Hand soldering contest draws considerable attention

The first hand soldering competition drew a full house

September 26, 2011

by Terry Costlow, IPC online editor

As spacings get tighter and circuit board density soars, it takes a steady hand and keen eye to do manual soldering. Those who grab soldering irons to build prototypes and perform rework had a chance to show their skills and compete for up to $500, a trip to IPC APEX EXPO in San Diego and an OK International/Metcal MX-5010 soldering workstation.

The first Annual IPC Midwest Hand Soldering Competition filled its 22 time slots and often filled the aisles with spectators watching two views of the heated competition — both in large overhead mirrors and directly into the solder stations.

Nichole DeVries of Raven Industries won with a score of 97, edging out her co-worker, Monica Poppens, who received a 93 from the judges. Third place went to William Randall of Hegel Holdings LLC, who scored a 91.

IPC focuses on quality more than speed, basing the judging on IPC-A-610E Class 3 criteria. Had there been a tie, speed would have been a tie breaker.

DeVries, a Certified IPC Trainer who has been soldering for 15 years at Raven Industries, won $500, the OK International/Metcal soldering station and a trip to IPC APEX EXPO in San Diego in February. She and Poppens won the right to represent Raven by winning an internal competition with 27 entrants.

That was a common approach at the companies that sent contestants. International Control Services had two in-house soldering contests, with the top finishers coming to IPC Midwest to compete against regional rivals. To get other employees excited about the competition, the company also awarded the person who correctly picked the winners of the internal contests.

“After the contest, we all went out for dinner, so it provided a lot of camaraderie,” said Dennis Espinoza, president of International Control Services.

All the contestants noted that while the majority of soldering is done through mass reflow, there’s still a lot of need for people with a steady hand and an eye for detail. Khang Nguyen, who represented Evotronics, rarely goes long without sitting down at a soldering station. “I solder daily at work for prototype boards,” Nguyen said. Evotronics makes prototype and production boards.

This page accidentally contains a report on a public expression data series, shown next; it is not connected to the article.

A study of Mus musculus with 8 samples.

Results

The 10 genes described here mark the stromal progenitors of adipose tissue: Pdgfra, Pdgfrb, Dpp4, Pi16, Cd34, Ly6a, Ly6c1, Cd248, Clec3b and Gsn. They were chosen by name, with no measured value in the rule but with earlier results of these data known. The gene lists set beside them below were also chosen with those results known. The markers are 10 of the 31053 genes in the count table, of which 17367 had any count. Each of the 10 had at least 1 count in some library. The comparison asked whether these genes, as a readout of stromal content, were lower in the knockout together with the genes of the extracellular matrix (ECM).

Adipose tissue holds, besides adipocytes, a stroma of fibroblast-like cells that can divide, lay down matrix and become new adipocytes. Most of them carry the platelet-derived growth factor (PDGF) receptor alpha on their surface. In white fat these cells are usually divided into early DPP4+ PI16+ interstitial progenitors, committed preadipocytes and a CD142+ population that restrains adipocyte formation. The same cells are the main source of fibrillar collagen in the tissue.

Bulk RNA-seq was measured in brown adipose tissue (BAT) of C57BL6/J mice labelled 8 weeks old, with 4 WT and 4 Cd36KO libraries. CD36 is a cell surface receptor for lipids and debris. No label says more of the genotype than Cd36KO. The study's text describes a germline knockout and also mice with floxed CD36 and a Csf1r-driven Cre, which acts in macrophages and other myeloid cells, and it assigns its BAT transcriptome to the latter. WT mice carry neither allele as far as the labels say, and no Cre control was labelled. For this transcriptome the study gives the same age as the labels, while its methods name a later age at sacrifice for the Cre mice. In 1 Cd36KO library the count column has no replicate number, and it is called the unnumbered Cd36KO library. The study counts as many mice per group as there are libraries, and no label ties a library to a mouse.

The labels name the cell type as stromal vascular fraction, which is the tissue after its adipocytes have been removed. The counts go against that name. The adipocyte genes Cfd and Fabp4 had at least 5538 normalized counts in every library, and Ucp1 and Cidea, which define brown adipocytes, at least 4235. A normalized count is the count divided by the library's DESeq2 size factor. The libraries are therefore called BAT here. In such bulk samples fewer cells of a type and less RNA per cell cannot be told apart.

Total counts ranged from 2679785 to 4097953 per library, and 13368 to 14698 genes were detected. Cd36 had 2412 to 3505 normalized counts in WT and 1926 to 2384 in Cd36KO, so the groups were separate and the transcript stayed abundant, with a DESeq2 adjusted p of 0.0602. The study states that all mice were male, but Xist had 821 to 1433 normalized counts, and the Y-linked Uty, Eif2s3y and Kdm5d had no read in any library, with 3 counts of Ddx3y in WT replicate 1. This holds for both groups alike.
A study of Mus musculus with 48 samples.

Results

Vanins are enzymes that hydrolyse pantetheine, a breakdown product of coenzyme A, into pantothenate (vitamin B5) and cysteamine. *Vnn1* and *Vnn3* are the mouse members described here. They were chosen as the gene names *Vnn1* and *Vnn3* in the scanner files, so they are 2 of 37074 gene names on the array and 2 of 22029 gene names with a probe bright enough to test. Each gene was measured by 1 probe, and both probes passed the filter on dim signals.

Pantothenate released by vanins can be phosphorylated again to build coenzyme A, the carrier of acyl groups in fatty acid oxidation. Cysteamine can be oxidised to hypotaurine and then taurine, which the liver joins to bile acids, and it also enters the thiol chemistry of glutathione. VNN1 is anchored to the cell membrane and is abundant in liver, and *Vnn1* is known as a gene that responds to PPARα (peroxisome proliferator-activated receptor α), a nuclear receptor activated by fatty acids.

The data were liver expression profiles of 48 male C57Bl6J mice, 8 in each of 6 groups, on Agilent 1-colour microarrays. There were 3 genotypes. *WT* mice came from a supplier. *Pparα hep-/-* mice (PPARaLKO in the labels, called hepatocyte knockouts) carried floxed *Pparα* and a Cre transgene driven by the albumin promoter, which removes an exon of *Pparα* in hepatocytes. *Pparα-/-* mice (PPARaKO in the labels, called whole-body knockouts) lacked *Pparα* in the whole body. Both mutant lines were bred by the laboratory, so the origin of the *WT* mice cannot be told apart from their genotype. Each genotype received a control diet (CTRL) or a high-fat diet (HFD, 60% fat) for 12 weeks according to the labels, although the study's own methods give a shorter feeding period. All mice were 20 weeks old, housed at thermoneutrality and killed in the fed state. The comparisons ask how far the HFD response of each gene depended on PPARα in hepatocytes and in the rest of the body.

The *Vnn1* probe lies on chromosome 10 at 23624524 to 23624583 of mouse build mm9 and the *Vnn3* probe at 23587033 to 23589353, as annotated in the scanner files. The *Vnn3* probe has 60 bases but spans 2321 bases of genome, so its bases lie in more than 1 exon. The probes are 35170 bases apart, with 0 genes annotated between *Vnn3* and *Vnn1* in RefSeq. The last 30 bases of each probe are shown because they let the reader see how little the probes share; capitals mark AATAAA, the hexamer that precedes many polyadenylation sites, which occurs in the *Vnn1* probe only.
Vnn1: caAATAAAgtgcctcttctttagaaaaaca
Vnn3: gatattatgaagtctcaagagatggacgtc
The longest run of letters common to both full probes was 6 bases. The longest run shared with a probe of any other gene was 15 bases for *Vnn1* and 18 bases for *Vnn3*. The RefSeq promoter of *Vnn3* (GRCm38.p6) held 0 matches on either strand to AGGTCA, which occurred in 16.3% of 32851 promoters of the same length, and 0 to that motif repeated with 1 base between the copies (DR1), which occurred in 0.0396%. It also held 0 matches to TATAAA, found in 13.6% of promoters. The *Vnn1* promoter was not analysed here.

On the show floor, Master IPC Trainers Leo Lambert, EPTAC Corporation, Jay Patel, Accelper Consulting, and Floyd Bertagnolli, Service To Mankind, judged the competition, carefully watching during each 20–30 minute round of soldering action. Since contestants all knew how to make functional connections, the judges focused on the steps contestants took and how the boards appeared when finished.

“Most of the contestants are experienced, so they know how to make connections. One of the main factors for our ranking is the way they use the equipment. They may not be tinning the soldering iron tip properly,” said MIT Patel.

Being an IPC trainer had both benefits and negatives for DeVries. On one hand, she knows the criterion for a good solder joint. But on the downside, she doesn’t have a lot of time to solder as much as she did when she was an operator on the line. To prepare for the competition she soldered as much as she could, making lists of the steps involved. “Every other step was ‘tin the tip, tin the tip,” she said.

IPC hand soldering contests have been growing in popularity worldwide. The contests began in Europe, and have become very popular in China, where crowds can be large enough to flow into neighboring booths.